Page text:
During my professional days in management education and training one of my jobs was to mentor new managers. One question I frequently encountered was “I am inheriting a right mess – how can I protect my own position if things go wrong?”.
My advice was, first and foremost, document the full set of horrors that you are facing, and date the document so you can always produce it in a crisis. My next step was to ask the new manager what the general opinion in the organisation was of his or her predecessor. It was easy to deal with a situation where everyone recognised the departing manager was inadequate. If the person leaving was popular, and most people most people thought he or she had done a good job, it was far more difficult. I encountered the latter situation once myself. I took over a crumbling department from someone who had immense face validity – he was well liked – but as far as I could see had done very little for the last eighteen months. When I tried to introduce changes, I met a deal of resistance from those who had rated him.
Labour’s leadership contest has caused me to reflect on this advice – not that Keir Starmer, Rebecca Long Bailey or the other contenders have sought my guidance. The list of horrors that they face is easy to construct: a complete lack of credibility with the electorate; ambiguity on the central political question of the day, Brexit; lack of imaginative and relevant thinking on pressing 21st century issues; inadequate and underperforming shadow ministers; a National Party Executive captured by a destructive faction; the failure to deal with antisemitism; a deeply divided membership in the country.
This list would be enough to keep anyone awake at night. They should however be able to take comfort in the fact, turning to the second part of my guidance to new managers, that nobody thinks that their predecessor had done a good job. To misquote Laurel and Hardy, he has got them into a fine mess.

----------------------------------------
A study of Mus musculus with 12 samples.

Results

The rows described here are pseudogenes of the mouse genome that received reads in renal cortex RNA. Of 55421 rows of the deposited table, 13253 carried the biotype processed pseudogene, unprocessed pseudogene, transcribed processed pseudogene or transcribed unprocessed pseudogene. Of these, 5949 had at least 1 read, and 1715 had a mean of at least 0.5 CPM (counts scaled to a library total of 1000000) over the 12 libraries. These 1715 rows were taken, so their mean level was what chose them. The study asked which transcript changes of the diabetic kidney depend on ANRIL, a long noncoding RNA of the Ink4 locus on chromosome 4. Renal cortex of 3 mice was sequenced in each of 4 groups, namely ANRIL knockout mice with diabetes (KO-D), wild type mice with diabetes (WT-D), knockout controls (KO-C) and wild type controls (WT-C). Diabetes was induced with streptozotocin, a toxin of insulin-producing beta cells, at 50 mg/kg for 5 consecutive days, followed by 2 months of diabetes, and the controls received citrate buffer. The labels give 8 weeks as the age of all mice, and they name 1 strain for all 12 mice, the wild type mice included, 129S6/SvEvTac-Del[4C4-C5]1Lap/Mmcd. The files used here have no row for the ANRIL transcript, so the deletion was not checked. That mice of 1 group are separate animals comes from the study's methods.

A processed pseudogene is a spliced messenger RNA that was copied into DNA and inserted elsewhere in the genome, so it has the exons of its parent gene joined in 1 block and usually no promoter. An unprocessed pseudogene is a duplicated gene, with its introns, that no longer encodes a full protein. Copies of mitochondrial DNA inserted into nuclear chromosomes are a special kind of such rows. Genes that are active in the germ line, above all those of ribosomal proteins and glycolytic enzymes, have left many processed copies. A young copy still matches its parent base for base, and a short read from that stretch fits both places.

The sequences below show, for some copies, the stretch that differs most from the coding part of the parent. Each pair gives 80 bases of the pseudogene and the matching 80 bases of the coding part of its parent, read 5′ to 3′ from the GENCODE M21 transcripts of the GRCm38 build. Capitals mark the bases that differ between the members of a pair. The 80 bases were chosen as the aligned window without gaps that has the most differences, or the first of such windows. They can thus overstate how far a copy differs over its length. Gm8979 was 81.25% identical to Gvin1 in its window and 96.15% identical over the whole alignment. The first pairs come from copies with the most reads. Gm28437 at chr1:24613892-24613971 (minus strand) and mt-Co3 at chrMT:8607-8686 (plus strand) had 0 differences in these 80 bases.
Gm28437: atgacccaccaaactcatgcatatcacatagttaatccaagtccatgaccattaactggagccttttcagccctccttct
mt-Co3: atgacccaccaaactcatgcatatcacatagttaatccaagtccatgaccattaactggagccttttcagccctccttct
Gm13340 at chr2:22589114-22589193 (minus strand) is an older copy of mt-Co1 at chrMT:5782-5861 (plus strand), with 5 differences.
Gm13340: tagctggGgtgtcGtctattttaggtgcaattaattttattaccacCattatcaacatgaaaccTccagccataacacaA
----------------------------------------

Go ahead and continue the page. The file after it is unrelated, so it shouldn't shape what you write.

There is, however, always the odd exception. Things can be different in Norfolk. This time the example comes not from my own North Norfolk Labour Party, but from the neighbouring constituency of Broadland. At their first meeting after the General Election, on a Saturday morning in January, the membership in Broadland was asked to support the following motion, which was presented by member of the Regional Executive of the Labour Party. I might add that I have no idea what is meant by the word ‘comparable’ in this context.
Broadland CLP records its gratitude to Jeremy Corbyn and John McDonnell for their work over the past four and a half years, in moving the policy agenda forward so that the Labour Party now has policies that are comparable with most European social democracies.
The secretary is instructed to write to the NEC (via the General Secretary) to formally record our thanks with a copy to the respective offices of the Leader and the Shadow Chancellor.
The classic model for dealing with loss talks of seven stages of grief. It seems that some in Broadland are unable to move beyond the first stage of the process – that of denial. With members like this a hard road lies ahead for our new leader!